Two new surveys have shown that the housing market remains flat with house prices falling in some areas, a third survey has shown that mortgage lending remains stagnant.
The latest housing survey from the Royal Institute of Chartered Surveyors (Rics), which is made up from data submitted by its’ members, has shown house prices fell slightly in June with the number of sales rising only slightly.
The survey also found that the number of enquiries from house buyers was unchanged, although the number of properties put on the market for sale fell slightly.
Alan Collett of Rics said: “With continued uncertainty over the jobs market and the economy, this subdued picture is set to continue.”
“London, however, remains a market apart with both sales and prices showing a greater degree of resilience.”
The results of the government’s own survey by the Department for Communities and Local Government (DCLG) showed that in June house prices fell by 0.5% with a total fall of 1.6% over the past year.
The DCLG survey agreed with the figures from Rics saying only house prices in London escaped a fall.
“Average prices decreased during the year in England (-1.3%) and also decreased in Wales (-6.1%), Scotland (-2.5%) and Northern Ireland (-13.2%),” the DCLG reported
The survey found that the average house price in the UK was now £203,528.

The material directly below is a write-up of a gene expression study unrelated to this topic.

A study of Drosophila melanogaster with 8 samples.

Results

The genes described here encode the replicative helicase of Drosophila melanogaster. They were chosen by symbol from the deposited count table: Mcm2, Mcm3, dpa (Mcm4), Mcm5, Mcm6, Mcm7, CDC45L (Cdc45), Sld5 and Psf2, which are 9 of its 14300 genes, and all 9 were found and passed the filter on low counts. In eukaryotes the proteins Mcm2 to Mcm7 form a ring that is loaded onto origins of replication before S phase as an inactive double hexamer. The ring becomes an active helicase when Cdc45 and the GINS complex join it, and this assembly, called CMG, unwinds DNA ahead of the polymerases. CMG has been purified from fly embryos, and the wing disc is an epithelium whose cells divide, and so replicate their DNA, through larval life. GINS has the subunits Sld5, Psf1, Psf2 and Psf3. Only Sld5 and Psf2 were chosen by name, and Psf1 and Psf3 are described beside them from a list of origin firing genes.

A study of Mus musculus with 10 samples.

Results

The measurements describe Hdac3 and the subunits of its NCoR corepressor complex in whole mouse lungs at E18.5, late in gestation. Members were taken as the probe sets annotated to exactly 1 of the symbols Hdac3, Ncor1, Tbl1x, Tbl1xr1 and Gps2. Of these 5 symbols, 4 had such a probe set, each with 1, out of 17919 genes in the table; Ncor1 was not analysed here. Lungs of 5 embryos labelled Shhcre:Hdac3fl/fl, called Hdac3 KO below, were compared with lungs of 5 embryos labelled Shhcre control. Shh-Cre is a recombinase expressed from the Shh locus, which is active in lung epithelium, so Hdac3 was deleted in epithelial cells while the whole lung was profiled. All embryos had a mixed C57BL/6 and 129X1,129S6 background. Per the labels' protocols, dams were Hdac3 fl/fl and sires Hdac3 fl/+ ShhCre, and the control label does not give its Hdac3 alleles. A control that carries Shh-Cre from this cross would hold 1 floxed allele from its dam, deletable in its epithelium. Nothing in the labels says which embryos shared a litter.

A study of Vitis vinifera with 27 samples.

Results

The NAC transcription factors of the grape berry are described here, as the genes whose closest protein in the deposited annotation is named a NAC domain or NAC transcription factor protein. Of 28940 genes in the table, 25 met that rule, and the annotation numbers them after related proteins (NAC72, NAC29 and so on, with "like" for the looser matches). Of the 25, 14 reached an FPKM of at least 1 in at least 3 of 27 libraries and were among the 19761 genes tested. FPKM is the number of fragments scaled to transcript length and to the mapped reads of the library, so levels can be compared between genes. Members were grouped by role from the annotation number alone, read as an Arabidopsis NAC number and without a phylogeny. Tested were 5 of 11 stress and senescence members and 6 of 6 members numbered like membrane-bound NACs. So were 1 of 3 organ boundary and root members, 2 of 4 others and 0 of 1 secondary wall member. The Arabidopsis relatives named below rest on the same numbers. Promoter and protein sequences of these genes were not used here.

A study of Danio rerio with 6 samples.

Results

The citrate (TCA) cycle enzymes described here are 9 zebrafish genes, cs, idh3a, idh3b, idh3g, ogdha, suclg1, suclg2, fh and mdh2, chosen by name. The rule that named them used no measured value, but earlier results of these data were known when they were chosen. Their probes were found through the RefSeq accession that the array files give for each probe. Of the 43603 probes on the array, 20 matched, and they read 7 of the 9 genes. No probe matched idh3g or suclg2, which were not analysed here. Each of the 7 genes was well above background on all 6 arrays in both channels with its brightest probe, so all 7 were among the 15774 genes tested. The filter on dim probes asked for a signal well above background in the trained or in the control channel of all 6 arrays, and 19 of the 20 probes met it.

Figures released on Monday by the Council of Mortgage Lenders (CML) echo this week’s other surveys and point to a stagnant mortgage market.
The CML report showed that in May the number of new mortgages for home buyers had risen by 1.7% from April to 41,500, but this is still 5% lower than the same time last year.
Of the total loans made to homebuyers in May 15,900 were to first time buyers, up 0.6% on April, but still down on the same month last year.
The average deposit put down by a home buyer is currently 20% reflecting the caution with which many lenders are approaching the housing market at the moment. The average size of deposit required by many lenders to secure their most competitive mortgage deals is likely to be one reason for the sluggish performance of the housing market. Other reasons include fears over job security, concerns over when interest rates will increase and rising inflation, particularly with regard to energy costs.
According to the CML the situation is unlikely to change in the near future, Michael Coogan, director general of the CML: “There is no evidence of any drastic changes on the horizon or any significant shifts in direction for the mortgage market.”
He continued, “These stable conditions are expected to continue for the rest of the year.”